One of the most common questions I hear is how to identify social media influencers. In particular, people want to figure out who are the most important sources of influence in a given market. So over the next few issues, I’ll outline some tactics you can use to do this.
These are strategies that work for me, but they are by no means the only ones you can use. Please let me know what works for you by posting your comments on this article’s permanent page. I’ll include your recommendations in the conversation as we go along.
For the purposes of demonstration, let’s assume that you’re marketing a resort destination in Quebec, Canada. You need to identify people who are interested in Canadian travel and who have an audience of regular readers or viewers. These people may turn up several different venues, including blogs, video- or photo-sharing sites and social networks like Facebook. Let’s start with the bloggers, and specifically with blog search.
Advanced search is your friend
Most people go to Google when they want to find something on the Internet, but there are plenty of other options to consider. In addition, there are capabilities buried within Google and other search engines that most people don’t know about. These can save you lots of time. For example, you can cut down the time you spend waiting for results pages to load simply by registering with a search engine and specifying in your preferences that you want to display 50 or 100 results per page instead of 10.
Don’t forget about the vast universe of search engines that aren’t Google. Wikipedia has a pretty good list of these. One of my favorites is Dogpile, which is a meta search engine. Meta search aggregates results from multiple search engines. Many search engines use Google, Ask, MSN or Yahoo! as their core technology, adding value on top. The results you get from these engines won’t differ appreciably from those of their technology providers, but the added features can be useful.
You should also know about the power of advanced search. Most search engines have an option to specify all kinds of search conditions and results options. Google’s advanced search page, for example, lets you specify sites that originate in a particular region or pages that were first found within the past day, week, month and so on.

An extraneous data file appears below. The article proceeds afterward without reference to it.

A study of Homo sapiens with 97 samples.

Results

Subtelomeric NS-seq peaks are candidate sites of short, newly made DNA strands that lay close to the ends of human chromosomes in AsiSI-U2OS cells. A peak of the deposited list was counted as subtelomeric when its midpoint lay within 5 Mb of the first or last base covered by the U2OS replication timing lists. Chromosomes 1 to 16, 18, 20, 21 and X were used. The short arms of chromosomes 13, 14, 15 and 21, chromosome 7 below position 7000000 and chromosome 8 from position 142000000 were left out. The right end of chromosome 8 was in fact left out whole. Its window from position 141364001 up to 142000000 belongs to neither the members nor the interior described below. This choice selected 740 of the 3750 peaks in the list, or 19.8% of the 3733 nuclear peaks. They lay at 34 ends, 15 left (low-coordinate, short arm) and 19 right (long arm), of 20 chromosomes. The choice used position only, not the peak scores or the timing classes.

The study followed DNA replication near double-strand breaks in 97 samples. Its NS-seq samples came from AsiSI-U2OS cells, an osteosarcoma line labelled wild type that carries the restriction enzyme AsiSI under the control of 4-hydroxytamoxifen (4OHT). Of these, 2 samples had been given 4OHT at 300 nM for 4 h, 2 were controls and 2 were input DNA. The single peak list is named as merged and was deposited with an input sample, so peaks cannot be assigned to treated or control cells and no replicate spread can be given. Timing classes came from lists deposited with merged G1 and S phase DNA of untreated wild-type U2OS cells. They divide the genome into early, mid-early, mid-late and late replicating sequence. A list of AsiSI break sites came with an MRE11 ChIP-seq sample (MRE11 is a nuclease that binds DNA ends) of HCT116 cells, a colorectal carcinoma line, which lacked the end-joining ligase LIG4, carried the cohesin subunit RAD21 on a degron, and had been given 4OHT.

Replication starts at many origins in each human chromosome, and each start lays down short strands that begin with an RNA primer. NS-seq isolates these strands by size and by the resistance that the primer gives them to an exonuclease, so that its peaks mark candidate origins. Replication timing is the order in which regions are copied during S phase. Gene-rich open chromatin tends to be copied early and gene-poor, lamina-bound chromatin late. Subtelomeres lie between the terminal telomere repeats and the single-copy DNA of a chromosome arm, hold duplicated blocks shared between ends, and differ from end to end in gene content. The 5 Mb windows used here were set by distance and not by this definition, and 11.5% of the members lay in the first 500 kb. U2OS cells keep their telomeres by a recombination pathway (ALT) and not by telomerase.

This latter capability is particularly useful because you often want to strike while the iron is hot. If you can identify someone who is writing frequently about a topic, chances are that person or organization will be more interested in hearing from you.
There are gems buried in other search engines, too. Excite advanced search, for example, lets you specify a date range for when a Web page first appeared. Yahoo has Search Assist, which suggests alternative search terms that might get you closer to what you’re looking for. Ask.com has a similar feature and can also give you thumbnail previews right in the search results.
For mining the blogosphere, the options expand. There are dozens of blog-specific search engines (you can find a good list here), but the most popular ones are Technorati, Google Blog Search, IceRocket, Blogdigger, Blogpulse and Bloglines. Zuula is a new meta search engine that just does blog search.
These alternative engines each have unique features. Blogdigger, for example, can organize results by date and has an option to find only multimedia results like video and podcasts. IceRocket searches MySpace.com. Opinmind has a “Sentimeter” that calculates a rating baseded upon the relative number of positive and negative opinions it finds. It’s limited, but can be useful if you have a big brand.
So we’re at the end of our first chapter and we haven’t even entered a search term yet! We’ll get to that next week. In the meantime, please post your own suggestions at this article’s permanent address here.